Last year, Dathen posted The Message of Majora’s Mask, by Hylian Dan(Dan Merill). It was a great article that really intrigued me, and it makes you realize that there are a lot of meanings hidden beneath the surface in The Legend of Zelda. While searching around, I came across a question that I had often asked but never really ventured to answer. What is Majora? All of the Zelda games titles have a meaning to them that is explained within the story. Majora is the mask, obviously, but where does the mask name even come from?
There are a lot of rumors. One simply states that it’s a made up word. But I honestly don’t think they’d just make something up for this game. Majora’s Mask has a strong storyline, that needs a proper title. There would be a reason for it, and we have found a person, lampiaio, who has gathered some rather interesting theories.
Nintendo has been influenced by many different cultures in their games, but we mostly see a Brazilian influence in both music and artwork. The New Wave Bossa Nova, as well as many Mario songs, has a samba rhythm. In fact, bossa nova is a style of Brazilian music. I’m Latina, so I can easily point out which songs have a samba feeling. I find it very ironic that Zora Link plays on a guitar for the New Wave Bossa Nova as well. Bossa nova is most commonly played on the classic guitar. They even use their fingers instead of a pick to strum the strings. It’s hard to tell if Zora Link does this as well, but I like to think he doesn’t need a pick to rock out.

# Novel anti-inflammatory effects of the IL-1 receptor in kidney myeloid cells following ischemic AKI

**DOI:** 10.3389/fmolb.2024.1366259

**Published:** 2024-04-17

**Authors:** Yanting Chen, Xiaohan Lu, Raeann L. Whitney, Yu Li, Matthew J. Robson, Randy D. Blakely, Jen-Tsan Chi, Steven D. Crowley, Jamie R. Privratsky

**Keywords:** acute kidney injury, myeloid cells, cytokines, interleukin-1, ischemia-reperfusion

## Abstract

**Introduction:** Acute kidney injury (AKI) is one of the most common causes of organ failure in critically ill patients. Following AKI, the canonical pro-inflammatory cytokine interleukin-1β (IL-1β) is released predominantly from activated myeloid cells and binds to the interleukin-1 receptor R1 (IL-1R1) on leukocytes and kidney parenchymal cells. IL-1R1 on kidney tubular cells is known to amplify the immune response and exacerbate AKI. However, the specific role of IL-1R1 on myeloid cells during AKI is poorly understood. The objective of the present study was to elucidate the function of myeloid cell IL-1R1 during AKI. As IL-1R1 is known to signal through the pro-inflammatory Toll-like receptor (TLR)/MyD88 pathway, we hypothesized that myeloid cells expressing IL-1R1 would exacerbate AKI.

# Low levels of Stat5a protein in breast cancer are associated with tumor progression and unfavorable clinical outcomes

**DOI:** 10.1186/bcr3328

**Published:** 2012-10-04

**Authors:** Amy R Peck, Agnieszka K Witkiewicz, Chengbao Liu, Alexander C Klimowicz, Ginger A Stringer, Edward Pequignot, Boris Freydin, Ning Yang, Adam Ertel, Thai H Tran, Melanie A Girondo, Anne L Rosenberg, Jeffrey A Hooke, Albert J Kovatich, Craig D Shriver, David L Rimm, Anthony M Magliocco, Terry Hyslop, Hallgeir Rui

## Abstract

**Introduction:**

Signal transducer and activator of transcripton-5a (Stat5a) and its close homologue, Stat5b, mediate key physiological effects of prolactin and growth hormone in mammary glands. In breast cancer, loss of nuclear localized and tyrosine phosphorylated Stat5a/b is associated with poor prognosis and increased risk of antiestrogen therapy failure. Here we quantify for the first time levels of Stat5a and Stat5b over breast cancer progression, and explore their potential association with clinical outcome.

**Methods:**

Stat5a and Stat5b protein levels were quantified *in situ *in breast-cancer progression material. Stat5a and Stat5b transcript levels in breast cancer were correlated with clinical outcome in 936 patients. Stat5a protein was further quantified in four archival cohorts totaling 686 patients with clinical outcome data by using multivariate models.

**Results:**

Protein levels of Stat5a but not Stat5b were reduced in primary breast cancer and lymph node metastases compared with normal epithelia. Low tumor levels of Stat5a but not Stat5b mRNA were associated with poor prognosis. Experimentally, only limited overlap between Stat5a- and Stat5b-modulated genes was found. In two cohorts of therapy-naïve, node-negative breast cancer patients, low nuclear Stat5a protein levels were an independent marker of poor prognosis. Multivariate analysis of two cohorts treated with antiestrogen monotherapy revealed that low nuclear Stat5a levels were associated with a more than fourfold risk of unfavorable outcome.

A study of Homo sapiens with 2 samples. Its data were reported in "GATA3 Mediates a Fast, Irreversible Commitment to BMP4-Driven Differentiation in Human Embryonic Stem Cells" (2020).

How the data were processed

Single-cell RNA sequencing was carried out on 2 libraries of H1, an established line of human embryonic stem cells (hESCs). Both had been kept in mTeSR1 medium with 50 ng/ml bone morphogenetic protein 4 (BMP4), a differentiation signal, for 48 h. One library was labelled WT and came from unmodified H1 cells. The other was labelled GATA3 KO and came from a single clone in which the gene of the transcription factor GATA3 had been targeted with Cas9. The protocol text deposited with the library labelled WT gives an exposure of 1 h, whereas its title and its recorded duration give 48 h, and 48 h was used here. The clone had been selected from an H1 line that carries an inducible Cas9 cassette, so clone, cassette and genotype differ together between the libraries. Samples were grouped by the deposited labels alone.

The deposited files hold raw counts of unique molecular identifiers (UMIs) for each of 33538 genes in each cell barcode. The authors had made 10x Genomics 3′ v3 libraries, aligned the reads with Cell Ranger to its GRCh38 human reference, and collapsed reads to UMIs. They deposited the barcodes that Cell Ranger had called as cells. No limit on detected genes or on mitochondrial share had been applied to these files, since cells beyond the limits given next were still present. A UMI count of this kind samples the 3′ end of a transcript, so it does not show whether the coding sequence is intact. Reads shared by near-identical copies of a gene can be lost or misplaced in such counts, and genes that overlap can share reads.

Miyamoto and Koji Kondo have both confirmed using aspects of the Brazilian culture as inspiration for their work. Samus’ name was even based on the soccer player Pelé.
One particular part of Brazil that has caught our attention is the island of Marajó. In the pre-Columbian times, there was a society now known as the Marajoara, that created pottery with a distinct style similar to some parts of Majora’s Mask. They also made anthropomorphic figures and MASKS. The island is at the mouth of the Amazon River, and is part of the state of Pará.
If you search for images on máscara marajoara, and compare them to Majora’s Mask, there are a lot of similarities in the mask art. I see more similarities in the artwork compared to the Stone Tower Temple. The head looking entrances look very similar in how the eyes protrude slightly from the face, and are of different size and shape. Marajoara uses a lot of striping or banding in their artwork as well. Try playing through Majora’s Mask again, and see if you can pinpoint any examples of the similarities.
Here is one that would help me sleep better at night. Remember the smile on the Link clone’s face when he played Elegy of Emptiness? Lemme refresh your memory.
Not a picture perfect moment, right? Well, if we look at this mask here, we see a resemblance.
Notice the awkward teeth showing? I remember being absolutely horrified at this part of the game. Young Link is far too cute to make him look like a creepy kid!
What do you think? There might have been an issue in translating Marajora into Japanese. We honestly don’t know for sure, but this is a lot better than them just making stuff up! I really love this theory, and the references. In the new Skyward Sword game, many of the videos I have seen show a Brazilian influence. Take the short clip of that block looking key opening a door as an example. The structure surrounding it was very interesting, and I’m eager to get a better look.
We are really curious if any of you have theories for the name Majora as well. It is one of my favorite Zelda games, and comments or opinions are always welcomed!